Cast: Ryan Reynolds, Morena Baccarin, TJ Miller, Brianna Hildebrand, Ed Skrein
Director: Tim Miller
Synopsis: When an operation goes awry for former mercenary Wade Wilson, he gains super healing abilities and adopts the alter ego of “Deadpool”
Review: It kind of goes without saying that comic book movies have surged massively in popularity in recent years, becoming a staple of Hollywood in the process. However, for all the films that have graced our screens, we have yet to encounter a comic book film that pushes all the boundaries it can, and goes in directions that very few have gone in. Well, thanks to the Merc with a Mouth, we have now.
It has been a long time coming, as the film has had a difficult journey to the big screen, after being in development hell for many years. A now infamous “appearance” in the much reviled X Men Origins: Wolverine, that infuriated the fans who felt it was not at all true to the comics. Thanks to 2014’s Days of Future Past, those events are now banished forever. When test footage leaked back in 2014, it finally prompted 20th Century Fox to move forward with a solo outing for him, one that has remained very loyal to the comics, and one that will no doubt leave hardcore Deadpool fans, very satisfied indeed.
Deadpool is not the first superhero character Ryan Reynolds has portrayed, as he had a lead role in the 2011 Green Lantern flick. But having had an interest in playing this role since 2005, it is apparent that this character is his favourite and it’s very evident he’s having enormous fun playing the role, and he’s electrifying to watch. The dark humour, the crude jokes, the profanity, the breaking of the fourth wall repeatedly, the violence. It’s all on show here and it provides the audience with some glorious entertainment right from the opening credits. In addition, the film gleefully makes light hearted pops at other films and other super hero movies with great aplomb. The laughs are packed throughout the 108 minute running time, with some violent action also thrown in there for good measure, which is tremendously well handled by Tim Miller in his directorial debut.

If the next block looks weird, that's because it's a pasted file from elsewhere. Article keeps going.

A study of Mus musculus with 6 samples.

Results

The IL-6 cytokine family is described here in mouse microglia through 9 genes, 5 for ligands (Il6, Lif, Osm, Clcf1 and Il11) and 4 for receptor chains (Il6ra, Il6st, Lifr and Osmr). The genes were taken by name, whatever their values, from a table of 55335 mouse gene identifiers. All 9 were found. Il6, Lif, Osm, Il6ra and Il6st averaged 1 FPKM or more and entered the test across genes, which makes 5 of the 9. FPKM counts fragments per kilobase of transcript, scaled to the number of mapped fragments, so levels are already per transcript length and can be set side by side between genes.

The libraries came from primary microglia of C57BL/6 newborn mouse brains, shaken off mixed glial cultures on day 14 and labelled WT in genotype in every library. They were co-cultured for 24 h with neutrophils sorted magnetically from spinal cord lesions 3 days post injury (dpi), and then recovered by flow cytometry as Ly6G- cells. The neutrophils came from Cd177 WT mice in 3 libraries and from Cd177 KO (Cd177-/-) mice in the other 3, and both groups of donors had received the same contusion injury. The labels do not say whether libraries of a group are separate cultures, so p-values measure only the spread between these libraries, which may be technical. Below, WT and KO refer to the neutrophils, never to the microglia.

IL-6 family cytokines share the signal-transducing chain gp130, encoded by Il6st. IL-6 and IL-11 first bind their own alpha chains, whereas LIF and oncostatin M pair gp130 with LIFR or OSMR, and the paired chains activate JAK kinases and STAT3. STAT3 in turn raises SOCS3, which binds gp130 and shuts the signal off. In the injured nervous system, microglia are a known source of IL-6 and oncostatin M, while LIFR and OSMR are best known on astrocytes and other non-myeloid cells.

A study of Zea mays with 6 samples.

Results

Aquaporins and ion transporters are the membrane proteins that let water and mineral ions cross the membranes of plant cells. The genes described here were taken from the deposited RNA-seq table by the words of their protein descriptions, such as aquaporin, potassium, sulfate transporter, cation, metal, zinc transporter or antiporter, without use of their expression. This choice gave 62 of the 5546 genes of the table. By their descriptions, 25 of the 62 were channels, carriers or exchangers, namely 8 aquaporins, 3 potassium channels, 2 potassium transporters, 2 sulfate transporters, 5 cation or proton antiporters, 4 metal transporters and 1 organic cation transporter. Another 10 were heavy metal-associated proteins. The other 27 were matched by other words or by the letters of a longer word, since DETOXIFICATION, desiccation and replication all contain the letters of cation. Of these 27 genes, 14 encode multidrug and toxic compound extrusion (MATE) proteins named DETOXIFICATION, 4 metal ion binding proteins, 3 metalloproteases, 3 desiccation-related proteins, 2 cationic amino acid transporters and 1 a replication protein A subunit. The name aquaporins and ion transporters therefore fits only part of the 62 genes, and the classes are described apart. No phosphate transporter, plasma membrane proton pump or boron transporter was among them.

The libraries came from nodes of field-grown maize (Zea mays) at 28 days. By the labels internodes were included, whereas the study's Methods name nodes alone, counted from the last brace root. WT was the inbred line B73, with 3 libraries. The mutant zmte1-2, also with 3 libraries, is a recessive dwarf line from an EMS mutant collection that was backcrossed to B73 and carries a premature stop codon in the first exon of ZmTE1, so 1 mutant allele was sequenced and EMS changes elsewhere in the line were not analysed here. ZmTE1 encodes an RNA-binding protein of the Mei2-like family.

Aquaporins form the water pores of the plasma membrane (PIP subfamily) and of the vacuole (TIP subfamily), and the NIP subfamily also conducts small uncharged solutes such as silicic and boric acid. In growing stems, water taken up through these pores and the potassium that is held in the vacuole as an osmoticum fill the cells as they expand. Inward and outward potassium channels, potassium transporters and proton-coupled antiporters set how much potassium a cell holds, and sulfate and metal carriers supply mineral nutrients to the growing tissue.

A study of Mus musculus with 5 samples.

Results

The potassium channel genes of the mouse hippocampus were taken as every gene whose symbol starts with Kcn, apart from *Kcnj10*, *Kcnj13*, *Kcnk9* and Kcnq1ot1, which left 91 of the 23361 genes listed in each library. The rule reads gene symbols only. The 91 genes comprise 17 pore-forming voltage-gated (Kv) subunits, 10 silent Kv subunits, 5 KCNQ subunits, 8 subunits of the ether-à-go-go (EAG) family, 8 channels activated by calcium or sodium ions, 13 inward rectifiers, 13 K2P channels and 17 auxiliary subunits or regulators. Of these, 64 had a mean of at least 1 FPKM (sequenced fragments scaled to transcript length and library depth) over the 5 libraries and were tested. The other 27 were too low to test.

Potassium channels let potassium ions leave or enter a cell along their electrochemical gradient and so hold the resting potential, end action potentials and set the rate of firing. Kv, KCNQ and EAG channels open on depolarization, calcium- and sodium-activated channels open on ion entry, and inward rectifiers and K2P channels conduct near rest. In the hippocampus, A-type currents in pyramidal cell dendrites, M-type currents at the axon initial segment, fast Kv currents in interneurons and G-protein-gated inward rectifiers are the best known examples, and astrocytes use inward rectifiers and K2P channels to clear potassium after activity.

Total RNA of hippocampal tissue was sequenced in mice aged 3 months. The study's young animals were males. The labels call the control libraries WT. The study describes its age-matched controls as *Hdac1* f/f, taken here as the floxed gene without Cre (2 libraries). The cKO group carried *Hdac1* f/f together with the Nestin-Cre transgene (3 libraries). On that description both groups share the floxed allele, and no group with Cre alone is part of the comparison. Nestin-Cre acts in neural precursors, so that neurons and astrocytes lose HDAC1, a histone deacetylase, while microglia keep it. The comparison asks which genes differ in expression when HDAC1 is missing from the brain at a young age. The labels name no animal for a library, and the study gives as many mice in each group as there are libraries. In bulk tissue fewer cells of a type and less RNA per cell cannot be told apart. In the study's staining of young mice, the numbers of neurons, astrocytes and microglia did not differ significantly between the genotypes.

This is the Deadpool show, but he does have some help in the shape of steel man mountain Colussus and newbie Negasonic Teenage Warhead, who are helping him confront the man who was responsible for Wade’s disfigurement, this being Ed Skrein’s Ajax. British actors are known for their portrayals of villains,indeed the opening credits make a joke about this fact. Ed Skrein does a tremendous job with the material he’s given but his character is never properly fleshed out and is not given the ample screen time to really elevate him above the majority of the villains that the Marvel Cinematic Universe has provided. The action is well filmed and provides some great viewing. Lots of action with sequence after sequence can sometimes feel like overkill (Man of Steel anyone?) But while there is a fair quantity of action on show, it would have been great to see just a little bit more, as some sequences are over before they had a chance to get going.
The disappointment of 2011’s Green Lantern as well as the misfire that was his appearance in Origins: Wolverine might have killed Ryan Reynolds’ hopes of making it in the superhero world of cinema, and for a while it did kill Deadpool’s hopes of a worthy cinematic outing. Yet his dogged determination to get this adaptation of a character he has an obvious passion for is admirable. The plot is a little bit formulaic but the film’s storming box office success has already resulted in a sequel being green lit. The Merc With a Mouth has ensured that 2016’s comic book movie offerings have got off to a terrific start.